What is The Affordable Care Act Costing Small Businesses?

During the five years since the Affordable Care Act (ACA) passed, we have seen more political posturing and calculation charts to either support or discredit it than just about any other act in history. In the years to come, individuals, businesses, and society could certainly benefit from the ACA; however, at least in the first five years, we find that this law negatively impacts the bottom line of small businesses. Below, we outline some of these impacts and what they mean for small businesses.

1) Higher Insurance Premium Costs

According to a National Small Business Association survey in 2014, “91% of small businesses reported increases in their health plan at their most recent renewal while 96% reported increased health insurance costs over the past five years. The majority expect to continue seeing cost increases in the coming year."

Health insurance costs for small businesses have increased 23% since the ACA became law in 2009. “Premiums are higher and choices are fewer,” said Dan Danner, CEO and President of the National Federation of Independent Business (NFIB). “The cost of insurance has been the top concern for small business owners for two decades." NFIB has spent the last two years researching how the ACA affects small businesses. Results of this research shows that in 2014, 62% of owners reported that their premiums increased and only 8% said their costs dropped.

2) Administration and Compliance Costs Associated with the ACA

On average, complying with the law costs small businesses more than $15,000 a year, according to a survey released a year ago by the National Small Business Association.

The increase of administration and compliance costs is also a result of the tracking businesses are now required to do. Companies are required to track:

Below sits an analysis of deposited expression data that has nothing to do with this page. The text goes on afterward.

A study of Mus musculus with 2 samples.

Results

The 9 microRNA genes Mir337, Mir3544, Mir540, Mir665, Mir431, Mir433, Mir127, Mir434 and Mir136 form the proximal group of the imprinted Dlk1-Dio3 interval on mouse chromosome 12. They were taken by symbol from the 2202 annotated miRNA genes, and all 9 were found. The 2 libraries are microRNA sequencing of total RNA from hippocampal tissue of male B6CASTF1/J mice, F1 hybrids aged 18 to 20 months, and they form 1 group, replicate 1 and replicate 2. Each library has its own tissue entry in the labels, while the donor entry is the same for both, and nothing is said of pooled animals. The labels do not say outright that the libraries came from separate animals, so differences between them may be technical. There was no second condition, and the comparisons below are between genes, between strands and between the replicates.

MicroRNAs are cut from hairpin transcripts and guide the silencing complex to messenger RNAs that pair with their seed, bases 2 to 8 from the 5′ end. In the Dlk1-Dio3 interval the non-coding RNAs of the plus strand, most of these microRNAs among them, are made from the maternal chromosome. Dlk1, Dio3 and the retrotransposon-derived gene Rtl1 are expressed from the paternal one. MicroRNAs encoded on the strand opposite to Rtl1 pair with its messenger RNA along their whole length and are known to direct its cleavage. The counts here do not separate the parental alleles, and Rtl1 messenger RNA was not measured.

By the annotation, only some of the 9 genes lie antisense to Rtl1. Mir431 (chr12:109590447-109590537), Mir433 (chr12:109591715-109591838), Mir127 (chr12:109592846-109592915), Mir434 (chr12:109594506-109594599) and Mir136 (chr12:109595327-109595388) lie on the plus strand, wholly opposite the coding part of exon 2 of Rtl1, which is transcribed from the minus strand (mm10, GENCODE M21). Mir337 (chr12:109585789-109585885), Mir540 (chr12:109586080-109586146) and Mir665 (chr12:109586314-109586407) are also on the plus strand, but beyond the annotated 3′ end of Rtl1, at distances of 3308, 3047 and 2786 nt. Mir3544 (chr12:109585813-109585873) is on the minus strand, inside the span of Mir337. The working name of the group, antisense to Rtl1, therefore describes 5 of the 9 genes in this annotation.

• work hours for each employee
  • absences for each employee
  • the amount spent on health insurance

Many small businesses don’t have the Human Resources departments or computer systems that large companies have, making it harder to handle the increased load of paperwork. Companies that have separate software for payroll, attendance, and benefits management have no easy way to combine data from all of them. Next year, employers must also complete IRS forms using information from those different sources. The process is more complex for businesses with operations in different states.

3) Employees Satisfaction

Some costs are harder to quantify, but can significantly affect the company, like employee satisfaction. Initially, employees of small companies were hopeful that the new program would give them better coverage at a lower rate. Instead, the rates have gone up for the vast majority of employees.

Even when they understand the cause of the increase, it does not overcome the dissatisfaction of decreased take-home pay. The cost impact on employees of small businesses may actually be greater than the impact on employees of large companies. This creates greater dissatisfaction and causes employees to leave.

4) Government Programs, Credits, Changes, and Opportunity Costs

The available plans in the Marketplace (SHOP) for small businesses do not present affordable options for many businesses. Programs such as HRAs, that were previously affordable options, do not meet the requirements under the ACA. The ACA developed certain tax credits to offset some of the expenses for small businesses; however, the Government Accountability Office noted last year, “the credit may be too small and administratively complex to motivate many employers to enroll.”

In addition to the cost and record-keeping requirements, the changes to the Act and delays in implementation have added to the confusion for many small businesses. Keeping up with the ever-changing requirements distracts from running the business and the core profitability of a company. No matter what else we may think about the ACA, we know one thing for sure: it's not simple.